Monday, September 22, 2008

Mural Progress

posted by Elizabeth Fama

At the end of July, an artist named Rahmaan "Statik" Barnes -- with several assisting artists -- painted the new mural under the 47th Street viaduct. The mural was sponsored by Alderman Toni Preckwinkle (4th), Chicago Department of Transportation, and Metra, and produced by the Chicago Public Art Group. It replaces a controversial, slightly unfinished "street art" mural that had been whited out.

The new mural has images of Jean Baptiste Pointe du Sable, Gwendolyn Brooks, and a bunch of ordinary Hyde Park/Kenwood residents on bikes, at the beach, and on foot. It's a consistent, high-effort product, and for that I give it props. It's still not my favorite style of art, and like many murals in Chicago it has a sort of two-dimensional "collage" aesthetic -- that is, the activities are linear, like ancient Egyptian art, and unrelated to each other -- and problems with anatomy and perspective; but it's upbeat, bright, and colorful.

There's a section that seems to pay homage to my least-favorite mural ("Under City Stone" on 55th Street), but unlike Caryl Yasko's depressing, dated work, the subjects of this 47th Street mural are reasonably happy, the worker appreciates his job, and there's a positive view of public transportation.

The question of whether painted murals are the right medium for underpasses remains, however. There are dripping stains above the image of the Metra train that are only going to get worse over time. That's not a problem if you perceive mural art to be transient, as it should be, but the Chicago Public Art Group (like many Hyde Parkers) seems to think every piece of public art is historic and worthy of preservation.


Richard Gill said...

"...[many Hyde Parkers seem] to think every piece of public art is historic and worthy of preservation."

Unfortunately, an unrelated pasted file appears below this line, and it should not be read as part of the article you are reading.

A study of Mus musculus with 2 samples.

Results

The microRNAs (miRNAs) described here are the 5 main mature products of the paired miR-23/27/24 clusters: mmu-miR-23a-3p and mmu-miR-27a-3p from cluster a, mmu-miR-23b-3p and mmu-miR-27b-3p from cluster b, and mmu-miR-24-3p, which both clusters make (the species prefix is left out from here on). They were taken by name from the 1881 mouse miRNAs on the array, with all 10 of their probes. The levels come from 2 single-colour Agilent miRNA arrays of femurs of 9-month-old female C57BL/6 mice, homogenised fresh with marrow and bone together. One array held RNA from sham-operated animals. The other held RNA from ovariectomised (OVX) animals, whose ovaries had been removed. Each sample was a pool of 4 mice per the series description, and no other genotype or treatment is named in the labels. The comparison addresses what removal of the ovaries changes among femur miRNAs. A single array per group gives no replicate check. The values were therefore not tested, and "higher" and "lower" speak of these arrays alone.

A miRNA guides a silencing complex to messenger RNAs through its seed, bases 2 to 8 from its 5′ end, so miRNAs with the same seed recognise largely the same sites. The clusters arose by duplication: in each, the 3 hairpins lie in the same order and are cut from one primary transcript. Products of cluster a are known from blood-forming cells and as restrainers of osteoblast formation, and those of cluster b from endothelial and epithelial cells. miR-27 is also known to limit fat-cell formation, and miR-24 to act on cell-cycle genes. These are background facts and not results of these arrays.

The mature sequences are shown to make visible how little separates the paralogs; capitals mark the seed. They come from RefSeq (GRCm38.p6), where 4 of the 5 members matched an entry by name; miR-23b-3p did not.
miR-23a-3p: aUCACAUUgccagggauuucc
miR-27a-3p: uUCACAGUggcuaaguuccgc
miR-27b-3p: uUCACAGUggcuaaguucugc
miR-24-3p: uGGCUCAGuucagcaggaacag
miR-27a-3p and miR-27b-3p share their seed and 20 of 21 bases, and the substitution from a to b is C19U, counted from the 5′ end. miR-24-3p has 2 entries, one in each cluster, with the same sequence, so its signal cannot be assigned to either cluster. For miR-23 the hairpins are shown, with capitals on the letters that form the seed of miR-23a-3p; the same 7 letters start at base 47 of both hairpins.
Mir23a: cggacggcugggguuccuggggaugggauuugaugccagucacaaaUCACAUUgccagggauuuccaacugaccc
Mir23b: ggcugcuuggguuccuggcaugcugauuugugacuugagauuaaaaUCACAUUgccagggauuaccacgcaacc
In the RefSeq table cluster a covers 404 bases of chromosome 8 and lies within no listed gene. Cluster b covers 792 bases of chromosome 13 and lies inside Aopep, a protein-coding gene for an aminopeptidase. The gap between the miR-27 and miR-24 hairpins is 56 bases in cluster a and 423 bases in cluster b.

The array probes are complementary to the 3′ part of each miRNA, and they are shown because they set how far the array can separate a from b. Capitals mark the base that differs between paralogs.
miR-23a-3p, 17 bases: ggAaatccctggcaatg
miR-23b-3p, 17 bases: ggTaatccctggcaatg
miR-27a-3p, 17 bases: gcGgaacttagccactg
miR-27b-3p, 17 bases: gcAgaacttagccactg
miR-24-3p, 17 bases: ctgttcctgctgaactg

Just like they want to preserve every old building, regardless of decay and degradation.

What happens when these new murals don't get properly maintained? I know, there are supposedly built-in commitments for maintenance, but I'll believe it when I see it.

Speaking of public art, isn't that thing in the middle of 55th Street supposed to be removed by now?

ScottM said...

I ride past this everyday on my bike and simply hate the fact that I don't see one Caucasian in the mix.

I know I'll rot in hell for writing this but I'm shocked that the "artist" needs to overlook such a large percentage of the population (& couple this mural with the store mix/vacancies in the two retail strip malls directly on the other side of the tracks makes a very wrong impression of our neighborhood.)

I'm very surprise the Preckwinkle allowed this one to go up.

Elizabeth Fama said...

Since posting this I've learned that the mural content came from an RFP that the Chicago Public Art Group developed in response to meetings with residents from north and south Kenwood. Residents also reviewed the work that the artists submitted in response to the RFP, and selected the final artist.

There's a prominent Asian face in the mural, and a couple of Hispanic faces. The fairer-skinned faces are Sicilian, at best. ;-)

mchinand said...

"Speaking of public art, isn't that thing in the middle of 55th Street supposed to be removed by now?"

There are some spray paint markings on that median that I assume are in preparation for its removal, but I think they've been there for a couple weeks, at least.

chicago pop said...

I gotta say I like these murals. Much better than what came before, and the other stuff at 55th and 57th Street.